7 Indicted for Conspiracy to Commit Mortgage Fraud

Allison Tussey —  March 14, 2011 — 3 Comments

Dino Sisneros, 39; Melissa Sisneros, 40; Michael Quiroz, 49; Chad Ayers, 37; Catherine Tarin, 41; Theresa Coyne, 47; and Timothy Coyne, 49, all residents of Tucson, Arizona, have been indicted and charged with conspiracy to commit mortgage fraud in Tucson, Arizona to obtain loans totaling almost $13.5 million between 2003 and 2007.

As alleged, the defendants knowingly submitted or knowingly caused to be submitted materially false loan applications or other false documents to banks and lending institutions relating to the purchase, refinance, or home equity financing of 18 residential properties. After the fraudulently obtained loan proceeds were received from the lenders, portions of the loan proceeds were diverted into bank accounts under the control of some of the co-conspirators. The total cash back received by the co-conspirators relating to these transactions was approximately $2.9 million. Most of the properties went into foreclosure. Dino Sisneros, Melissa Sisneros, and Michael Quiroz have been arrested. The remaining defendants will be required to appear in federal court for their arraignment.

A conviction for conspiracy carries a maximum penalty of five years of imprisonment, a $250,000 fine, or both. A conviction for conspiracy to commit wire fraud and wire fraud carries a maximum penalty of 20 years in prison, a $250,000 fine, or both. A conviction for money laundering has a maximum penalty of 20 years of imprisonment, a $500,000 fine, or both. A conviction for conspiracy to commit transactional money laundering carries a maximum penalty of 10 years in prison and a $250,000 fine. A conviction for aggravated identity theft carries a minimum sentence of two years that must be served consecutive to the ultimate sentence imposed relating to the wire fraud or conspiracy to commit wire fraud charges.

An indictment is simply the method by which a person is charged with criminal activity and raises no inference of guilt. An individual is presumed innocent until competent evidence is presented to a jury that establishes guilt beyond a reasonable doubt.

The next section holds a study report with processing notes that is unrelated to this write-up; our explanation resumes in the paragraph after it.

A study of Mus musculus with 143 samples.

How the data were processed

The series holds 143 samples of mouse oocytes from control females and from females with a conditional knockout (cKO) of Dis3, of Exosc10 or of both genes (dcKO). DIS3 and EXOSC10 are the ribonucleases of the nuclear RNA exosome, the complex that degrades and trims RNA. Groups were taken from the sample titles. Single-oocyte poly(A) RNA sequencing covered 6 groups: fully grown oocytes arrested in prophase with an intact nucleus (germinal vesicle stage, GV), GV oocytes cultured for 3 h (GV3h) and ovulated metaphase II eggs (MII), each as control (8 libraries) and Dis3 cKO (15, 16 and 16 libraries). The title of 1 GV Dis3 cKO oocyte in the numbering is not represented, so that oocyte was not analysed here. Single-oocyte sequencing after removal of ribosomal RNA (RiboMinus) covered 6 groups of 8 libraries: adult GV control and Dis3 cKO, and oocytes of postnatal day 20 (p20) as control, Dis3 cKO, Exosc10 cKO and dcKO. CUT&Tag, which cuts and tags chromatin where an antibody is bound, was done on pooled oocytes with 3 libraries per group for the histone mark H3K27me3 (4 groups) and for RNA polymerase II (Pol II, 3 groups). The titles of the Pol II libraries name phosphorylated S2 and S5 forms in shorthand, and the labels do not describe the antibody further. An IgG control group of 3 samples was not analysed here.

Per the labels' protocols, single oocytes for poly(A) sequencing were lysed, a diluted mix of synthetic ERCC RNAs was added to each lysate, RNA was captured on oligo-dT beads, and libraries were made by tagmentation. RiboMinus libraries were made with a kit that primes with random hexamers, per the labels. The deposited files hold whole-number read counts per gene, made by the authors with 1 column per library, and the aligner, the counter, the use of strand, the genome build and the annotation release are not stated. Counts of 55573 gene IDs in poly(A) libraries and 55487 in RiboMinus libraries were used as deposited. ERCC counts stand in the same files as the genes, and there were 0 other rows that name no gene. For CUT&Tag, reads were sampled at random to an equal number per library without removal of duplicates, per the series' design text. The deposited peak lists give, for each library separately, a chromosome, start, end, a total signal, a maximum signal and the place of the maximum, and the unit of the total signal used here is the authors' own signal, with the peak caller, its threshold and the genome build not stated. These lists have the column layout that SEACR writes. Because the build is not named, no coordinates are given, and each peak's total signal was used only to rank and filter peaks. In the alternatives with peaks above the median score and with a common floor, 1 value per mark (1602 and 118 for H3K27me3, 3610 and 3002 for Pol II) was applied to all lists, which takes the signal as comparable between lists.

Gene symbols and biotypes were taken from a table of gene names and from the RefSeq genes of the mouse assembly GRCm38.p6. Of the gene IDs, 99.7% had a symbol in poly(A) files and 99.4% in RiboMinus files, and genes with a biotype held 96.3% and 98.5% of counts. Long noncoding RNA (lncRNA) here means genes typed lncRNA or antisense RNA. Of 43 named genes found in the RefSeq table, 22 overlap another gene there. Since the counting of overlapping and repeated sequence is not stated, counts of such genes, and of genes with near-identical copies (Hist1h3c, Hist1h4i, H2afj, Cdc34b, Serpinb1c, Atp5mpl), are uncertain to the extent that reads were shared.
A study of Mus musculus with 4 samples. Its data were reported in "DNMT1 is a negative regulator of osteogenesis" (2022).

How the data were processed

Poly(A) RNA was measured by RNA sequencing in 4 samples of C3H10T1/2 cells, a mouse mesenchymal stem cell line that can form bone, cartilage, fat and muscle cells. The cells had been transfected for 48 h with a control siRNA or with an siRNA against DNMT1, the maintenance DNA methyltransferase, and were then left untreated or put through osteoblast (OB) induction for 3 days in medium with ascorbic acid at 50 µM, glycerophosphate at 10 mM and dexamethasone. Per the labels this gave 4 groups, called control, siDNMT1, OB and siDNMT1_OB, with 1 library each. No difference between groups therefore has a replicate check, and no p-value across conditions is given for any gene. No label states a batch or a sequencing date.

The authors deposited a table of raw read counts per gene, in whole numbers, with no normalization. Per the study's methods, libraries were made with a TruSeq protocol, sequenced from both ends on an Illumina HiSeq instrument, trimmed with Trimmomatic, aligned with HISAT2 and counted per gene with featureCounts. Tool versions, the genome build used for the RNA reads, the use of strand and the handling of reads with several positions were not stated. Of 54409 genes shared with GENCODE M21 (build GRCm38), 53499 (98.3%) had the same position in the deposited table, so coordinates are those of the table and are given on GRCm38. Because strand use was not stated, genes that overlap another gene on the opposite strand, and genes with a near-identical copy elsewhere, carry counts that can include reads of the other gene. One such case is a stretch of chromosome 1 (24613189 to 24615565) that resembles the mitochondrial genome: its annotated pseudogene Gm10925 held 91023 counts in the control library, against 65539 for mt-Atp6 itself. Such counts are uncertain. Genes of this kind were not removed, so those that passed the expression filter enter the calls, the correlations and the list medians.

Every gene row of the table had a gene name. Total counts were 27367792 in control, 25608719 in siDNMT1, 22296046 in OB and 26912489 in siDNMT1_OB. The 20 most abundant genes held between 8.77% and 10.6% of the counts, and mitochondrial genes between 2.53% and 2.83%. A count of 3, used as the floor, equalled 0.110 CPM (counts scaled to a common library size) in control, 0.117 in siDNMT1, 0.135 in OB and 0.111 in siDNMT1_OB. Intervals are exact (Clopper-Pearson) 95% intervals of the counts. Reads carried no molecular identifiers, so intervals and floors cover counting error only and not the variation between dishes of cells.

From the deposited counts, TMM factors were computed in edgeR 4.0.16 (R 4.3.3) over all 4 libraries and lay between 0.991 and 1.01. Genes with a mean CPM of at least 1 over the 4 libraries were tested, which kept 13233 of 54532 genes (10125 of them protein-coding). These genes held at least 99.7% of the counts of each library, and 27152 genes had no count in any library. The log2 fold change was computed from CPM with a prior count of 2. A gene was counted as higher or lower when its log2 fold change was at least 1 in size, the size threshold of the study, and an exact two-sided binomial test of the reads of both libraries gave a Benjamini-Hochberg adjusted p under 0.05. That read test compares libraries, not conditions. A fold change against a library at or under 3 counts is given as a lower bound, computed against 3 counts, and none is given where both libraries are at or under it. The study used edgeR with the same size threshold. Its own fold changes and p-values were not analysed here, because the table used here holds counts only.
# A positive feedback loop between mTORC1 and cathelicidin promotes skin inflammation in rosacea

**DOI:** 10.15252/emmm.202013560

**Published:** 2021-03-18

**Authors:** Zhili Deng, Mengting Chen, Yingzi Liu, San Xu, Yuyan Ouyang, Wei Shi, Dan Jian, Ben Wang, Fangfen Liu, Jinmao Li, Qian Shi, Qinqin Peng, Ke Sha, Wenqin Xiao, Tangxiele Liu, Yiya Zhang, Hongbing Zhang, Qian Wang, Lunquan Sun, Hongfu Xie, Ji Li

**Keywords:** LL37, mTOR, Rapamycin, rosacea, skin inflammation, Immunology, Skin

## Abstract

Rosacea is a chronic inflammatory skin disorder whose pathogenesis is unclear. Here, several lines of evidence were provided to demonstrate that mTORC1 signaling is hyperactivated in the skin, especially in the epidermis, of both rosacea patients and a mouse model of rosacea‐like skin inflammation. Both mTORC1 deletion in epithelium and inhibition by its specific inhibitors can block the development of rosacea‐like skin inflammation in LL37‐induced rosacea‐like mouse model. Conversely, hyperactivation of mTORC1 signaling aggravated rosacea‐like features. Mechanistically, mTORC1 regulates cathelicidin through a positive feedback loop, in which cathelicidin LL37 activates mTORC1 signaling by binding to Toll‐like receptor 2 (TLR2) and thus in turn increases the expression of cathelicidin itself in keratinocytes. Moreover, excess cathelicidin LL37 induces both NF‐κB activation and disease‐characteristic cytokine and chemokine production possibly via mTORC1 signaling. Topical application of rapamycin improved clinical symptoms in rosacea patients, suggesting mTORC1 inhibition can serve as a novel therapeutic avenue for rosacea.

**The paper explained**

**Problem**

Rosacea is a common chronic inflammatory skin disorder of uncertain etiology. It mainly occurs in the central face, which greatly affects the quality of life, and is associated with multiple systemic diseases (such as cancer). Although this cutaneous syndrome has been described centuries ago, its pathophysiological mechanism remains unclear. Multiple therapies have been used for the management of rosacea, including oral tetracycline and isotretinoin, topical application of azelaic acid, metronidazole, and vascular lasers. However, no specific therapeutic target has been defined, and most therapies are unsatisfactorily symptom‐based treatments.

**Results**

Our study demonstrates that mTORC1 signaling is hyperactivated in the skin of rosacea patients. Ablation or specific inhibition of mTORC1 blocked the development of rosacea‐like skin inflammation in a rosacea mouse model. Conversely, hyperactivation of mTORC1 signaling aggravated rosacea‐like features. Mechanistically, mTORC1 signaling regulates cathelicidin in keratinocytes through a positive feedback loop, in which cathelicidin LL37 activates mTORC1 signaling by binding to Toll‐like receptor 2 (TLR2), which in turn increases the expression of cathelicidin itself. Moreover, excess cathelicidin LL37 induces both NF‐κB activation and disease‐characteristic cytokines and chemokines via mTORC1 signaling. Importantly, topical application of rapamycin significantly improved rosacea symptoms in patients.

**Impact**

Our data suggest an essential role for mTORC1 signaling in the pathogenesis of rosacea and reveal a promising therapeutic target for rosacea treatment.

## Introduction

The investigation preceding the indictment in U.S. v. Sisneros et al. was conducted by the Internal Revenue Service – Criminal Investigations. The prosecution is being handled by Jonathan B. Granoff, Assistant U.S. Attorney, District of Arizona, Tucson. 

U.S. Attorney Dennis Burke announced the indictment.

“These two prosecutions-and others we are pursuing-will demand accountability from a mortgage industry gone adrift, causing great stress to our economy,” said U.S. Attorney Dennis K. Burke. “We are focused like a laser beam on investigating and prosecuting those who commit mortgage fraud, particularly including the industry professionals who knowingly facilitated it.”

The investigations in these indictments were led by agents from the Internal Revenue Service and the FBI.

“Mortgage fraud has contributed to the collapse of our real estate market in Arizona,” said Dawn Mertz, Special Agent in Charge, Internal Revenue Service, Criminal Investigation. “IRS CI will continue to aggressively pursue those individuals who commit these types of crimes.”

Added FBI Special Agent in Charge Nathan Gray, Phoenix Division: “This indictment signifies the continued commitment by the FBI and the U.S. Attorney’s Office in combating mortgage fraud. Mortgage fraud is a top criminal priority for the FBI and we will continue to focus on those who conspire to profit from ill gotten gains in the mortgage fraud industry.”




  1. Perfect idea ! If you had any doubt that someone could steal your credit card numbers by simply walking past you, a few minutes.

  2. mortgage rates March 14, 2011 at 7:27 pm

    Unfortunately Arizona is not the only state where this has happened, California and Florida just to mention a few have also been victims of mortgage fraud. People need to be very aware with whom they trust their “American Dream”

  3. Mortgage industry members with knowledge of fraudulent activity are encouraged to call the Mortgage Fraud Task Force at (412) 894‑7550. Consumers are encouraged to report suspected mortgage fraud by calling the Pennsylvania Attorney General’s Consumer Protection Hotline at (800) 441‑2555.